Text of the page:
Ruling On A 'Sadistic' Suspect

In a ruling seen as important to future genocide cases, an appellate chamber of the U.N. war crimes tribunal found grounds Thursday for a genocide conviction of a Bosnian Serb — even though it refused to reverse his acquittal on that charge.

At the same time, the court upheld the 40-year sentence for murder and other crimes against humanity against Goran Jelisic, who ran a detention camp in northern Bosnia in 1992.

No one has yet been convicted of genocide in the Balkan wars, though the Rwanda war crimes tribunal has handed down several genocide verdicts.

The ruling came as Bosnian Serb Prime Minister Mladen Ivanic met Thursday with chief war crimes prosecutor Carla Del Ponte, two days after the court scored its greatest victory so far when it arraigned former Yugoslav President Slobodan Milosevic.

Milosevic's handover left two of the most wanted suspects, wartime Bosnian Serb leader Radovan Karadzic and his senior military officer Ratko Mladic, still at large and believed to be in Republika Srpska, the Serb half of Bosnia.

Milosevic Defiant
Slobodan Milosevic refused to enter a plea to war crimes charges, telling a U.N. tribunal his trial was aimed at covering up Western crimes in Yugoslavia.

The tribunal is pressing Ivanic, the prime minister of the Serb enclave, to take the first steps toward arresting fugitives and surrendering them to The Hague for trial. So far, the republic has made no arrests, but Ivanic says his government has cooperated with the tribunal by making witnesses and documents available.

Although declining to overturn Jelisic's acquittal on the charge of genocide, the appeals chamber said Thursday that the lower court was wrong to dismiss it. The chamber said it was rejecting the appeal only because the tribunal lacked the resources and manpower to start his trial over again.

The court said the lower court had "erred in law and fact" when it found inadequate evidence of genocide against the Muslims in Brcko, the Bosnian town near the Croatian border.

It was the first time the appeals chamber ruled on genocide, and prosecutors saw it as a victory.

Jelisic, who called himself the "Serb Adolf" after Adolf Hitler, pleaded guilty to 31 counts of crimes against humanity and violations of the rules or customs of war in Brcko in the summer of 1992.
He was convicted of 12 murders, although he had boasted to his prisoners of killing at least 83 and that he enjoyed killing people before drinking his morning coffee.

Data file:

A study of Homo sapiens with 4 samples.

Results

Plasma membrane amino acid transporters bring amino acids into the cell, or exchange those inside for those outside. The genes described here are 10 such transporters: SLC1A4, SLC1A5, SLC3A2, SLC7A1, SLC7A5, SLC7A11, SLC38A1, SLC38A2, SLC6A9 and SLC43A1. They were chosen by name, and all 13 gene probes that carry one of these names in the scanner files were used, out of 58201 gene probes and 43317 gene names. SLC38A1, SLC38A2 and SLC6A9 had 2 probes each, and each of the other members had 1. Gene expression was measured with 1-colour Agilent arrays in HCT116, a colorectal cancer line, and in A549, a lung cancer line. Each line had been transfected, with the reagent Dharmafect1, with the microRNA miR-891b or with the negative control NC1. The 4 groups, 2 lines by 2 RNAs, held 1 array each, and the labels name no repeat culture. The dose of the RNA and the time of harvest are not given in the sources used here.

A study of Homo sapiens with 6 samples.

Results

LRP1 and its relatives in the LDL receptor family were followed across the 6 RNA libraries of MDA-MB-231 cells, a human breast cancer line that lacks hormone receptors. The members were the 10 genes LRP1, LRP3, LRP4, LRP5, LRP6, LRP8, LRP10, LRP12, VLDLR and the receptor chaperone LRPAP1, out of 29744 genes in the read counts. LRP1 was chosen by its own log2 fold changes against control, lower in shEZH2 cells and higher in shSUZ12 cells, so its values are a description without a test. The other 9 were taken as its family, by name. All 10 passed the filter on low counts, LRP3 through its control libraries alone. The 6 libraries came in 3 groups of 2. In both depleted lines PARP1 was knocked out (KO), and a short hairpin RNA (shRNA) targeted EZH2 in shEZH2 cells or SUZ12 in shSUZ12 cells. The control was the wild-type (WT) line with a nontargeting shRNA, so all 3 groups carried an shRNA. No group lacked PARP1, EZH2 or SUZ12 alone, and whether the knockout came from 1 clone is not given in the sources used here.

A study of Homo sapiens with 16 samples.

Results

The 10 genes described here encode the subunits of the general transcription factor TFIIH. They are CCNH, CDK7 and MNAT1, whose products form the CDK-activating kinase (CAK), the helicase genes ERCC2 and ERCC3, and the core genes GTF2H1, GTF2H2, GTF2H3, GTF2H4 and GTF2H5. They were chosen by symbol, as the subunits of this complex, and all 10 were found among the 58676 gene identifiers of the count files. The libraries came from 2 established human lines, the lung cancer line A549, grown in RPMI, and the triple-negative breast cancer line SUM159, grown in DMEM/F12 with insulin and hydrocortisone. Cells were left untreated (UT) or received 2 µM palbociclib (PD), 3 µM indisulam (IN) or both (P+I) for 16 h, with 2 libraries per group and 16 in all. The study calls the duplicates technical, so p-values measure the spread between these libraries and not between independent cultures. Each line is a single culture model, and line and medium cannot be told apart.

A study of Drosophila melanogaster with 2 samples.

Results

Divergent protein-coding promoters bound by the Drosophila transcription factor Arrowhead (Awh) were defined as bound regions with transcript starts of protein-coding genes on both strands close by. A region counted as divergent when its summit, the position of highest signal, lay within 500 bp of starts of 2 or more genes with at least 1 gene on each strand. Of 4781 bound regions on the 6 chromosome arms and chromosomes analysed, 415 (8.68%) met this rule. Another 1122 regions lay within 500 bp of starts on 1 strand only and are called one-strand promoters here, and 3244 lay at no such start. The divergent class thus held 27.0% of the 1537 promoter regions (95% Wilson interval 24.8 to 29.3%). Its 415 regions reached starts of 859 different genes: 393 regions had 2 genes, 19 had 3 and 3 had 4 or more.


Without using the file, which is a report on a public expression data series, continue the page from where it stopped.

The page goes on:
In its 1999 decision, the trial court denounced Jelisic as "repugnant, bestial and sadistic." It said his "cold-blooded commission of murders and mistreatment of people attest to a profound contempt for mankind and the right to life."

The appeals court rejected the defense motion to review the 40-year sentence and reconsider the remorse expressed and cooperation given to the tribunal by the former farm mechanic, who was just 23 when the crimes were committed.

Click here for a closer look at Yugoslavia's troubled history.

Jelisic sat nervously, fidgeting with his hands, as Judge Mohamed Shahabuddeen read the complex 75-page judgment.

On the genocide issue, the trial court had said the evidence did not prove Jelisic's intent to kill "in whole or in part" a large number of Muslims, even within his limited area of control.

But the appeals chamber unanimously disagreed. It said the record "provided the basis for a reasonable chamber to find beyond a reasonable doubt that the respondent had the intent to destroy the Muslim group in Brcko."

It said Jelisic's personal intention to kill Muslims — because they were Muslims — could have been enough to prove genocide.

"The existence of a plan or policy is not a legal ingredient of the crime of genocide, although it may be evidentially of assistance," the five-member panel ruled.

Jelisic believed he was following the orders of superiors to "eradicate the Muslims in Brcko and that, regardless of any such plan, he was himself a one-man genocide mission," the appellate court said.

At the same time, a majority of the judges said that referring the case for retrial was impractical. "In the circumstances ... it is not appropriate to order that the case be remitted and declines to reverse the acquittal," the court ruled.